A Lack of Ideas: Our Review of ‘The Queen of Spain’

Posted in Movies, Theatrical by - August 27, 2017
A Lack of Ideas: Our Review of ‘The Queen of Spain’

Fernando Trueba’s The Queen of Spain takes too long to set itself up, and that’s quite unfortunate. It begins with archive footage reels, seeming more like a history course. Which is fine, not everyone knows about the Spanish Civil War and what Franco did after winning. But splicing that with WWII stuff, really? It’s only useful to show the Matthausen concentration camp and one of its survivors. He happens to be one of the film’s main characters, Blas Fontiveros (Antonio Resines). Blink and you’ll miss him, because I almost did. It’s seamless CGI work in an overblown prologue.

The other main character we see in these reels is Macarena Granada (Penelope Cruz). Macarena worked her way from supporting roles to lead ones. And in 1956, she has to return to her home country and play the titular character. Specifically, she’s playing Queen Isabella of Castile, a queen who united the country into what it is now. There’s a lot on her mind while playing such an iconic, problematic role. Macarena is doing so for a Hollywood production that refuses to understand her. She faces another problem on top of that.

Macarena discovers that Blas, her former lover, escaped Matthausen only to find himself in Franco’s labour camps. This is a sequel, by the way. Blas and Macarena’s escape plan mirrors that of the first movie’s plot. There, they use a movie production to help a Jewish girl escape Nazi Germany. Ironically, these characters have to move forward while replaying their individual and national pasts. This is one of the film’s main ideas that the film unfortunately doesn’t explore beyond its mere infant stages. Instead of exploring these ideas, we just end up spending time watching these characters whine about old age.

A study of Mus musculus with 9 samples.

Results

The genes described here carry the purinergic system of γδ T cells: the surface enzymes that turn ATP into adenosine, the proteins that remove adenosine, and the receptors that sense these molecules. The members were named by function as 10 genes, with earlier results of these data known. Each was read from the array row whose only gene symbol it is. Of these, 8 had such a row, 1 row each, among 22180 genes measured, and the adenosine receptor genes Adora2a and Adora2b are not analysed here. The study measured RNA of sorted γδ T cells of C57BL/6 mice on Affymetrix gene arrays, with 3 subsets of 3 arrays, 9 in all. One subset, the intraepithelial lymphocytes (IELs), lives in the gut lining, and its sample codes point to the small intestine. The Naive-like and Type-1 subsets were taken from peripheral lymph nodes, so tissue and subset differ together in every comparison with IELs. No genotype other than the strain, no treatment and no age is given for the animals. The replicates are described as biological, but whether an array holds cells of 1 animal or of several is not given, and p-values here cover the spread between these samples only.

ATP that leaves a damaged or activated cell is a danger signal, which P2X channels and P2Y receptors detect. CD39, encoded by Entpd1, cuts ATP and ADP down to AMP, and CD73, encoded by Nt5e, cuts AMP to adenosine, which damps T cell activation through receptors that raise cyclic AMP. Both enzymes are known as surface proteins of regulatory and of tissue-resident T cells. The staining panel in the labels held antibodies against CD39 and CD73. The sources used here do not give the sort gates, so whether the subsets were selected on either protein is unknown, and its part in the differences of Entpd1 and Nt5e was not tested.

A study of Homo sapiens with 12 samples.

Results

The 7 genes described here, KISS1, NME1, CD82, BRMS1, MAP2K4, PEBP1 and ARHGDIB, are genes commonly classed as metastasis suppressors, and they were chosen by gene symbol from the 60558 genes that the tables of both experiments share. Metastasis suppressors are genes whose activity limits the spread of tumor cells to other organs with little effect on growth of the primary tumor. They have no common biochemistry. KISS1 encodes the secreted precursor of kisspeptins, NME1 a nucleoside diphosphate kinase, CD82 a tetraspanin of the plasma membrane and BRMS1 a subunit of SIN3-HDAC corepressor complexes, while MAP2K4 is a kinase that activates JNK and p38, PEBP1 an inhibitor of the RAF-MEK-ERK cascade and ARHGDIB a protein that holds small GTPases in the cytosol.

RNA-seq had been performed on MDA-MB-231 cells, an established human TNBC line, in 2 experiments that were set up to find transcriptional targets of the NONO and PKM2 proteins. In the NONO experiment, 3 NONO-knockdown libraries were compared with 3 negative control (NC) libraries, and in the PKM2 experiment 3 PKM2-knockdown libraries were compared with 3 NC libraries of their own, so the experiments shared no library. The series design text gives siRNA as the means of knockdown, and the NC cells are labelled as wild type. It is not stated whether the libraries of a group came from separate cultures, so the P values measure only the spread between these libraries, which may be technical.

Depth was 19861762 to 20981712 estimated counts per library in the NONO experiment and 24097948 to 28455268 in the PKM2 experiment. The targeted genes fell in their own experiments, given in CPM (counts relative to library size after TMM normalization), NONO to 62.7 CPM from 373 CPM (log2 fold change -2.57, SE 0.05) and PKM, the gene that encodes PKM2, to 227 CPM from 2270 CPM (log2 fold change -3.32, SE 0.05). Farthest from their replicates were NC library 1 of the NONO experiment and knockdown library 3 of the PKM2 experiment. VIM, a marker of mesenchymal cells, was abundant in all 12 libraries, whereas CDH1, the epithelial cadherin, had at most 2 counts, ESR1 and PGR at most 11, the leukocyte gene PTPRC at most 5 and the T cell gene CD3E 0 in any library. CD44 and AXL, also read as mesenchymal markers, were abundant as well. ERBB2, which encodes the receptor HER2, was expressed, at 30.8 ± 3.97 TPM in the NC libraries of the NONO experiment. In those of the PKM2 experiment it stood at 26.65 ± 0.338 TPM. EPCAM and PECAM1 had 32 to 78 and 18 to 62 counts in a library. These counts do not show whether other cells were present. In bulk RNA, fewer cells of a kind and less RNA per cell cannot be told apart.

Macarena’s a little bit older, like the rest, but she still has her beauty. But there’s more to the character than just her beauty and Cruz knows it. That’s what almost saves this movie. Almost. She has played glamorous movie stars and single mothers. Nevertheless, Cruz ends up playing women wearily taking on big responsibilities yet accomplishes what she needs to do. She does so here. There’s even a moment where she dresses up as a Renaissance era knight to rescue her ex-lover in distress. It’s a great moment in a comedy where most of the jokes fumble their punchlines.

The film serves both as history and alternate history. Macarena is a Sofia Loren type, playing every Mediterranean role under the sun. Despite caring for Blas, her affair with him is a thing of the past. This time she sets her eyes on a hunky head grip (Chino Darin). Her friends Lucia Gandia (Neus Asensi) and Castillo (Santiago Segura) entered a marriage of convenience. The film within a film’s screenwriter (Mandy Patinkin) is in Spain ironically enough to escape Hollywood’s anti-Communist blacklist. These are archetypes but the actors playing them do their best to elevate them.

This post was written by

While Paolo Kagaoan is not taking long walks in shrubbed areas, he occasionally watch movies and write about them. His credentials are as follows: he has a double major in English and Art History. This means that, for example, he will gush at the art direction in the Amityville house and will want to live there, which is a terrible idea because that house has ghosts. Follow him @paolokagaoan on Instagram but not while you’re working.